Environment: Apache2.x, mod_cache, mod_*_cache, mod_headers, mod_proxy, mod_rewrite.
Problem: As stated here, it is not possible to cache content which is retrieved via authorization by using mod_cache. This is reasonable, but it may be needed to cache also authorizated content, especially if the auth. is done transparent for the user via mod_headers.
“4. If the request contains an “Authorization:” header, the response will not be cached.”
One may think about manipulating the authorization header using mod_headers, but this filter seems to be processed after the caching module, thus it does not work.
Solution: Quick and dirty: create a multi-tier (two-tier) architecture, however not nice, but it works.
- Create a server listening only on localhost at any free port, e.g. localhost:8081
- Implement for this server the authorization using mod_headers and the retrival of the content, that requires authorization. Do not add any caching rules here!
- Create an additional server listing on your domain at the desired port, e.g. your.domain.tld:80
- Add all caching rules to this definition and add some rewriting rules for your local server, e.g.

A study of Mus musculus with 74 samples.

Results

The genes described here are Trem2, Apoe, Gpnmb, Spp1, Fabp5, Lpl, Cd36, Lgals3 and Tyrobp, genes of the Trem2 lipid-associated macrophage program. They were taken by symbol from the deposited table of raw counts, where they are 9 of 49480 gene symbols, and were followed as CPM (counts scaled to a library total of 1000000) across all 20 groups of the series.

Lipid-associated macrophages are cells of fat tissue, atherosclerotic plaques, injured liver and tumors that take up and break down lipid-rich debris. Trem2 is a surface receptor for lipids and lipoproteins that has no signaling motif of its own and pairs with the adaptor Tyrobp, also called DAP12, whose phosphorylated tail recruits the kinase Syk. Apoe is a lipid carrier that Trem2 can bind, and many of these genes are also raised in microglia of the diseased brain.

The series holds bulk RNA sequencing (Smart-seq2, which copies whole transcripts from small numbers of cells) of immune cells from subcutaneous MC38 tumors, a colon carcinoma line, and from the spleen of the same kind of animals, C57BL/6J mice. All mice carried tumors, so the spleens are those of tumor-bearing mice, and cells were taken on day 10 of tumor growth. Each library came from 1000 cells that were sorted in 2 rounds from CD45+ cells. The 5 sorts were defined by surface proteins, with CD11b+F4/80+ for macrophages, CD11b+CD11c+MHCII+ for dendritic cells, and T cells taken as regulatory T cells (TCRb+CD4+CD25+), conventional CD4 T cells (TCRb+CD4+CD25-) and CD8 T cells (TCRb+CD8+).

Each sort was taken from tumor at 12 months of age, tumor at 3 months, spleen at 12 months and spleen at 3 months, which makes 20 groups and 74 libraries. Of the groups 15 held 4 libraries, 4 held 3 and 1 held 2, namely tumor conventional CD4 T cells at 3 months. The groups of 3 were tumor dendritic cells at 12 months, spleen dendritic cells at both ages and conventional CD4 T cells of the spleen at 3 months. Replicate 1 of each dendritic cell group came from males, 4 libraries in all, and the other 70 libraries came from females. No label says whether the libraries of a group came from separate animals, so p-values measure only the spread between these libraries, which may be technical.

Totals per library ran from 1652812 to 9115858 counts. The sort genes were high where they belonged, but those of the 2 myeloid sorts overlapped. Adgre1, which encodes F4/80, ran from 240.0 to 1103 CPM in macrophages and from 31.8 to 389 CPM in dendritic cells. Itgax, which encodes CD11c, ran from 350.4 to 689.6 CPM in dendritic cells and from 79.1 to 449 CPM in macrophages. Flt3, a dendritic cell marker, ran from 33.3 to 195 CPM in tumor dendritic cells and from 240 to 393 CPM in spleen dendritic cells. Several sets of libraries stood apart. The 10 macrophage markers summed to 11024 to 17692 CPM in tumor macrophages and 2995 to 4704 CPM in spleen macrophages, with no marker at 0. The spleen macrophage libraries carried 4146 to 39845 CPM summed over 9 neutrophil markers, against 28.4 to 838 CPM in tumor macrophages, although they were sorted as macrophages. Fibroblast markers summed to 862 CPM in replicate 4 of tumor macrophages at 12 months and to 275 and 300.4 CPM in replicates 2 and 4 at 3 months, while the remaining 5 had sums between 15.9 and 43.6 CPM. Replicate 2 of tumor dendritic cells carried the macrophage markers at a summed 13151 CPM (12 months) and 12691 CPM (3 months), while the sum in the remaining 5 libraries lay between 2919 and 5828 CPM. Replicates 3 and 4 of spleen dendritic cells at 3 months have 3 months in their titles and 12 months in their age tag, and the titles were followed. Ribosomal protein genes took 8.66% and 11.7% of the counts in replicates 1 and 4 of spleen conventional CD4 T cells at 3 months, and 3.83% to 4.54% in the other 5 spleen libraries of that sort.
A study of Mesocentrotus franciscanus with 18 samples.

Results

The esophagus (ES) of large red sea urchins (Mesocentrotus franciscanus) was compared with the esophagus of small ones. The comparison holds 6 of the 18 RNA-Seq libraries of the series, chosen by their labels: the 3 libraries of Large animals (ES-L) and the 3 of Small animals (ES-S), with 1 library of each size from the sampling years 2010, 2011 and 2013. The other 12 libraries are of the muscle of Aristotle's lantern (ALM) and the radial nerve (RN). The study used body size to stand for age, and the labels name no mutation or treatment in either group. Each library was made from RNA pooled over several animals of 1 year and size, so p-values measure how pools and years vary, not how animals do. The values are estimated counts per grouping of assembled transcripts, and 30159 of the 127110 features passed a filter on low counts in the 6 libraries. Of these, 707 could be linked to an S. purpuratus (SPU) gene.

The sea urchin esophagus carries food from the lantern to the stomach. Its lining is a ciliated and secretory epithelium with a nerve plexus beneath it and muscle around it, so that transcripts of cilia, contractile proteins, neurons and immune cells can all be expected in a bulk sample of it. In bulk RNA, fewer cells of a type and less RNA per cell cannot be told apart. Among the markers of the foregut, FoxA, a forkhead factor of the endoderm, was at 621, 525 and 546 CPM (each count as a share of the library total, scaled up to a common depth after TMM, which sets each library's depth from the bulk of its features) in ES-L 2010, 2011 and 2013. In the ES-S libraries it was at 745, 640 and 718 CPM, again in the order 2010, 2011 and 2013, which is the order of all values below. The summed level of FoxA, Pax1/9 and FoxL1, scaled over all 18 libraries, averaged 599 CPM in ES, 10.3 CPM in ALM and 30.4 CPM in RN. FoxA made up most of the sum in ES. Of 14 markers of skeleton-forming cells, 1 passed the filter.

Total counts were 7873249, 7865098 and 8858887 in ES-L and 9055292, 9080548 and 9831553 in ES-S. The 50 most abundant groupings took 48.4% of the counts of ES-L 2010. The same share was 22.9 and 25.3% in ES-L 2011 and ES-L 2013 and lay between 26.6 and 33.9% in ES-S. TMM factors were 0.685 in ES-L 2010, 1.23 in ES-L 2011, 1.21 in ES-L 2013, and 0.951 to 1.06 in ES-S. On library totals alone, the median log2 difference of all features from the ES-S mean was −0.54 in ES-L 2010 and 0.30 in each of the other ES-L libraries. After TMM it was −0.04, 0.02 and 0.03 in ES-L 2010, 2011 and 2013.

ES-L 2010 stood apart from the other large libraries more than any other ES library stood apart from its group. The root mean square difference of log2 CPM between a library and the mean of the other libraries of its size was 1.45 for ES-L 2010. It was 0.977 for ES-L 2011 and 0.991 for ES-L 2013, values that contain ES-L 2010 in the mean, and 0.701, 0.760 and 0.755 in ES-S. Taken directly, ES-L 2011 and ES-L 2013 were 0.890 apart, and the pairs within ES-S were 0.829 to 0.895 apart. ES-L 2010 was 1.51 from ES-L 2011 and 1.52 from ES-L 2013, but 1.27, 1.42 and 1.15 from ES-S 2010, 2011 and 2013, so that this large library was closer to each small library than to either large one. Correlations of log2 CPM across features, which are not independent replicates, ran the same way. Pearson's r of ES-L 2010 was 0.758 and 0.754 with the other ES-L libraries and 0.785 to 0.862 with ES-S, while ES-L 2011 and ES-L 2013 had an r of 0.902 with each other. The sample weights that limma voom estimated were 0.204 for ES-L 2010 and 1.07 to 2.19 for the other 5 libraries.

RewriteRule ^/(.*)$ http://localhost:8081/$1 [P,L]
Additionally, it is possible to add here some referer checks to protect you content from bandwidth theft.
Pros: Especially when retrieving large contents such as multimedia content, the performance of your response depends essentially on the delay of the autorized content as it is served remotely and you are often not able to influence its response time. With increasing cache-hit ratio the impact of the remote server decreases and the remote server is released. Your traffic bandwidth is additionally freed.
Cons: For one incoming request at the frontier server you may need to open an additional local loopback server communication. Thus the impact of one request is doubled. Consider the open socket/port limit.